Govt urged to give healthcare institutions more WASH facilities

Social Wash Hospitals
Social Wash Hospitals

Looming epidemics from some health institutions and communities in the Upper East and Oti Regions have prompted an urgent appeal to the Government of Ghana to prioritise and increase Water, Sanitation and hygiene (WASH) in healthcare (HCF) facilities.

This followed findings of an assessment by the World Vision Ghana (WVG) with support from the Ghana Health Service (GHS) and the Merck Global Health Institute International (MGHI), in 2022 on WASH in 197 healthcare facilities and some 32 communities in six Municipal and District Assemblies in the Oti and Upper East Regions.

The six districts where the research was conducted were: Kassena Nankana West, Kassena Nankana East, and Builsa South all in the Upper East Regions; with Krachi East, Krachi West, and Nkwanta South in the Oti Region.

The findings of the research, carried out within the context of a Schistosomiasis Control and Elimination programmes, indicated that in the six districts, 47.7 per cent of all HCFs do not have the requisite number of improved toilet facilities.

The findings of the research dubbed: “WASH-NTD Nexus Project” were made known at a national level dissemination workshop, held recently in Accra.

Participants came from institutions as the GHS, the Ministry of Sanitation and Water Resources, the United States Agency for International Development, the National Development Planning Commission, religious orgnisations and the media, among others.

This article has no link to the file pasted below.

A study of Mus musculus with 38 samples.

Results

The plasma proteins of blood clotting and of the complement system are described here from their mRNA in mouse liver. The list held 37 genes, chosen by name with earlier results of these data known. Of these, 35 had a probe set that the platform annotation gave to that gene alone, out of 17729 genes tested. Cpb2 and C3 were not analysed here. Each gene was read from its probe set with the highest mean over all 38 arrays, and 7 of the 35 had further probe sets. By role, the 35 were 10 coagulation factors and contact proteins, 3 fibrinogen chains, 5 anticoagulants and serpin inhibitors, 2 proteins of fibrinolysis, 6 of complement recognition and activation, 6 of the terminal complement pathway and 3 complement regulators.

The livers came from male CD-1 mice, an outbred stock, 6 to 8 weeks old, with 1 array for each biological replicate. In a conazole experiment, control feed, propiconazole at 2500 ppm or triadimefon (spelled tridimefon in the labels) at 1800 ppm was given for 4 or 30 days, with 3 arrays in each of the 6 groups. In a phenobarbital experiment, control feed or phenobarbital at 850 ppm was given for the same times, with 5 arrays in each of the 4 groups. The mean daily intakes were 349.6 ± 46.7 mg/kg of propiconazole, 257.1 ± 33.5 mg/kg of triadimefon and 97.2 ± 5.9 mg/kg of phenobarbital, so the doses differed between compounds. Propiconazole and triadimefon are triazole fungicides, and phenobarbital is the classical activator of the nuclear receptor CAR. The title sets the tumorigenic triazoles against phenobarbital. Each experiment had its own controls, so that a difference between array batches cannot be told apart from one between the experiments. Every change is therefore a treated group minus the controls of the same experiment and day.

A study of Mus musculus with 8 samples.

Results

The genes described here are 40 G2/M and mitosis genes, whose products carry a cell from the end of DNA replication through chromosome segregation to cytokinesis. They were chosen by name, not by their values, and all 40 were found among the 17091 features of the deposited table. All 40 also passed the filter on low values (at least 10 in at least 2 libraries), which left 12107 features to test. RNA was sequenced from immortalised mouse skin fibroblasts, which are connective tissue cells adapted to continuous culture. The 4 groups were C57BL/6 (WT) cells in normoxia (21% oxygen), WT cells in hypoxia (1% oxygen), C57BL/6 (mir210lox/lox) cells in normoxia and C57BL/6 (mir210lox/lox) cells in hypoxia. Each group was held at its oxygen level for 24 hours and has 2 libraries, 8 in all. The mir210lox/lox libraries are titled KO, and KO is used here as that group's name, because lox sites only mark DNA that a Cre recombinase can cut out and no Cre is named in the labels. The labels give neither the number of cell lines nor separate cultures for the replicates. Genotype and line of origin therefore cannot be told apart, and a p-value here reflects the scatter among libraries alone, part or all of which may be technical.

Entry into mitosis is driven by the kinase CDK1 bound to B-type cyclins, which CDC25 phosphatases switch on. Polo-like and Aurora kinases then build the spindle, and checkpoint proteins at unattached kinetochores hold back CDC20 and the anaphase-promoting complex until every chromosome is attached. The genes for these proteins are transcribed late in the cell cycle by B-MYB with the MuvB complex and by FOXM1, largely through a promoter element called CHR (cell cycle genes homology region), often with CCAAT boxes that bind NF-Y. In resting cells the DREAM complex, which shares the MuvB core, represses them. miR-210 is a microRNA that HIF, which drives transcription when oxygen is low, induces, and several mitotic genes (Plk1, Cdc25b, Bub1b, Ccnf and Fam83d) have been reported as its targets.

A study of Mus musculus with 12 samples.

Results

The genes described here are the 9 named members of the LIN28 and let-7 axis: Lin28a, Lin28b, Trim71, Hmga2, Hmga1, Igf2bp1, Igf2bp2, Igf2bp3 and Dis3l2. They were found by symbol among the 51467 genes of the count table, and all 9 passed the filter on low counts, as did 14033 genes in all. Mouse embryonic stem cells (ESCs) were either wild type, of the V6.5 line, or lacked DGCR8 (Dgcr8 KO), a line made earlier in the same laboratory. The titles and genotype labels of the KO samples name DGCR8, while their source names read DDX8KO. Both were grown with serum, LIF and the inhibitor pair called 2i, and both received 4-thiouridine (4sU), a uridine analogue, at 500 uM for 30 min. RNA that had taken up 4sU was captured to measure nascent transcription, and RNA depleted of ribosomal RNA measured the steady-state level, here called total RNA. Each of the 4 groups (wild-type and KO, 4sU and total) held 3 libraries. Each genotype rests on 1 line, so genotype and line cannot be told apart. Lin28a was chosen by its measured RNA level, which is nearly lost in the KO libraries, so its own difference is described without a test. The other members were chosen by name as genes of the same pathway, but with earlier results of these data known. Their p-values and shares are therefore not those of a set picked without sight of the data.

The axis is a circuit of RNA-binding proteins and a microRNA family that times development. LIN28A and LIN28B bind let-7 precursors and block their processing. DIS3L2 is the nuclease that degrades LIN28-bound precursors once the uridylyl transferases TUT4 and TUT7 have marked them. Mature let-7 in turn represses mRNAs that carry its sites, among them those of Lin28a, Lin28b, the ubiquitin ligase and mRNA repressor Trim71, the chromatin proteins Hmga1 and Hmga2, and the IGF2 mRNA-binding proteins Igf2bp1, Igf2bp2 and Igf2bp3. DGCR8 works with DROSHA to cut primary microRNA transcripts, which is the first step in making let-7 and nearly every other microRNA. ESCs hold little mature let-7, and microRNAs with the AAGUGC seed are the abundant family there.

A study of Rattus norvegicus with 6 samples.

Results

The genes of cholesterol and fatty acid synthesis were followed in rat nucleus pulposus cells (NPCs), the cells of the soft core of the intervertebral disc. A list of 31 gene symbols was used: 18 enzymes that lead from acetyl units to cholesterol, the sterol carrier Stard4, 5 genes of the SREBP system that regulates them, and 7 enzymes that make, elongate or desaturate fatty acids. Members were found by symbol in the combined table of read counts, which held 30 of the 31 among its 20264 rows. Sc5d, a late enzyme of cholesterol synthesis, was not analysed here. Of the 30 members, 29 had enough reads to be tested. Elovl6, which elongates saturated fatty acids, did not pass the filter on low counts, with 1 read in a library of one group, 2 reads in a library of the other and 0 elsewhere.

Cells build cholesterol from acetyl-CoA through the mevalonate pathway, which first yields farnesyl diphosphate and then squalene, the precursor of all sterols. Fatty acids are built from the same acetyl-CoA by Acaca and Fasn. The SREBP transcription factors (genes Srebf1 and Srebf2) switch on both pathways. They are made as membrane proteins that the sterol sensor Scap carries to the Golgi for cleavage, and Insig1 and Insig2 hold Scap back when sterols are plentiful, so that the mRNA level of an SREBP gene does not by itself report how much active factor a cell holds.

Mr Robel L. Wamisho, Technical Programme Manager WASH, World Vision Ghana in a post workshop interview with the Ghana New Agency (GNA) stressed the need for all stakeholders to work together to address the challenges of access and use of water and sanitation in healthcare facilities.

He stressed that, “without appropriate WASH infrastructure and services, patients, healthcare workers, and communities are at increased risk of disease
He said if patients or staff drunk unsafe water, or took oral medications with unsafe water, they were likely to get sick with a waterborne disease.

Mr Wamisho said WASH infrastructure and services were also essential to allow healthcare workers to perform appropriate infection prevention and control (IPC) practices, citing for example, both healthcare workers and patients needed access to hand hygiene supplies to reduce the risk of spreading infections through unwashed hands.
“The situation where WASH facilities are not available or inadequate, puts the life of everyone and risk,” Mr Wamisho said.

Ms Suglo-Konbo Ibrahim, WASH Project Monitoring and Evaluation Coordinator, WVG, said that the six districts were selected based on the prevalence of Schistosomiasis and proximity to WVG project areas.

Among key findings were that 22.3% of HCFs across the six districts did not have improved water sources accessible on-premises.

The WASH-NTD Nexus Project also revealed that about 26% of water points in HCFs sampled had E-coli presence.

According to the report, 11% of water points ranked as medium risk of possible contamination. 30% medium risk in Kassena Nankana East.

Also, about 71% of HCFs surveyed do not have hand hygiene stations at all points of care.

Again, 93% (80% in rural) of HCFs in Ghana have hand hygiene stations at points of
WVG and its partners have therefore called on the government to ensure that both old and all new HCF being put up came with auxiliary WASH facilities.

Access to adequate water, sanitation and hygiene (WASH) services HCFs is essential for the provision of quality care.

The study recommended among others that piped water into caregiving areas over hand pumps and suggested that hand hygiene promotion materials are displayed and clearly visible in all wards and treatment areas.